New Delhi, September 13
Replacing half the animal products we eat with plant-based alternatives may reduce agricultural and land-use greenhouse gas (GHG) emissions by 31 per cent by 2050, and halt the degradation of forest and natural land, according to a study.
The research, published in the journal Nature Communications, shows that additional climate and biodiversity benefits could accrue from reforesting land spared from livestock production when meat and milk products are substituted by plant-based alternatives, more than doubling the climate benefits and halving future declines of ecosystem integrity by 2050.
The restored area could contribute up to 25 per cent of the estimated global land restoration needs under Target 2 of the Kunming Montreal Global Biodiversity Framework by 2030.
The study is the first to look at the global food security and environmental impacts of plant-based meat and milk consumption at large scales that considers the complexity of food systems.
The team, including researchers at the International Institute for Applied Systems Analysis (IIASA) in Austria, engaged researchers at Impossible Foods – a company that develops plant-based substitutes for meat products – as a potential user of the data to ensure relevance and to address this gap in existing literature.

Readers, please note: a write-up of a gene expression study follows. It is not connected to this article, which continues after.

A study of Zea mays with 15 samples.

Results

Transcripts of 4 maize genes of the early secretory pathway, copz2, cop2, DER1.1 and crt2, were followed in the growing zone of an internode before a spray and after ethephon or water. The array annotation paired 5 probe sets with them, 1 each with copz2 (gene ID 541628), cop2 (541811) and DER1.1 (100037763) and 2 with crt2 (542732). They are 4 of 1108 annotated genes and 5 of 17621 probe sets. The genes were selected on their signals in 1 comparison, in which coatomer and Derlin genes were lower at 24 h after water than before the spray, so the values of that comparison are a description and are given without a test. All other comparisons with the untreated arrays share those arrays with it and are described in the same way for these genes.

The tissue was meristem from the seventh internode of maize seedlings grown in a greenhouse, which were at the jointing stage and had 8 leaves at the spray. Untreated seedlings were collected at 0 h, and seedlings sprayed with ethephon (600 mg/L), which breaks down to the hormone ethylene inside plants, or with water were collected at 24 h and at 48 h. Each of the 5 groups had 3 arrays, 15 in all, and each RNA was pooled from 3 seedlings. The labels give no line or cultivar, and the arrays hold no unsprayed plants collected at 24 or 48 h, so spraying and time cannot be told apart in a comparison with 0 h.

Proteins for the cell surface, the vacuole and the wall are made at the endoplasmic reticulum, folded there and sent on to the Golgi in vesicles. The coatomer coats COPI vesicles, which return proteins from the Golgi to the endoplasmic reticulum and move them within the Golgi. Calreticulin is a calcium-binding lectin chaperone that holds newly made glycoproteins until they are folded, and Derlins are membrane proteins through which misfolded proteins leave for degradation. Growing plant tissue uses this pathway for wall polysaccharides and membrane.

The company also provided hypothetical recipes for the plant-based meat substitute products used in the analysis, the researchers said.
The data are however, by design, not specific to Impossible Foods and the science team had complete control over decision making, they said.
“Understanding the impacts of dietary shifts expands our options for reducing GHG emissions. Shifting diets could also yield huge improvements for biodiversity,” said study lead author Marta Kozicka, a researcher in the IIASA Biodiversity and Natural Resources Programme.
“Plant-based meats are not just a novel food product, but a critical opportunity for achieving food security and climate goals while also achieving health and biodiversity objectives worldwide. Yet, such transitions are challenging and require a range of technological innovations and policy interventions,” said study coauthor Eva Wollenberg from Alliance of Bioversity International and CIAT and the University of Vermont, Canada.
The researchers developed scenarios of dietary changes based on plant-based recipes for beef, pork, chicken, and milk. The recipes were designed to be nutritionally equivalent to the original animal-derived protein products and realistic for the existing food manufacturing capabilities and globally available production ingredients.
They found that a 50 per cent substitution scenario would substantially reduce the mounting impacts of food systems on the natural environment by 2050 compared to the reference scenario.
The full environmental benefit of diet shifts can be achieved if the agricultural land spared from livestock and feed production is restored through biodiversity-minded afforestation, according to the researchers.
In the 50 per cent scenario, the benefits from reduced land-use emissions could double as compared to a scenario without afforestation, they said.
The restoration of forest ecosystems would also improve biodiversity, the researchers said.
The 50 per cent scenario would reduce predicted declines in ecosystem integrity by more than half, while the 90 per cent scenario could reverse biodiversity loss between 2030 and 2040, they added.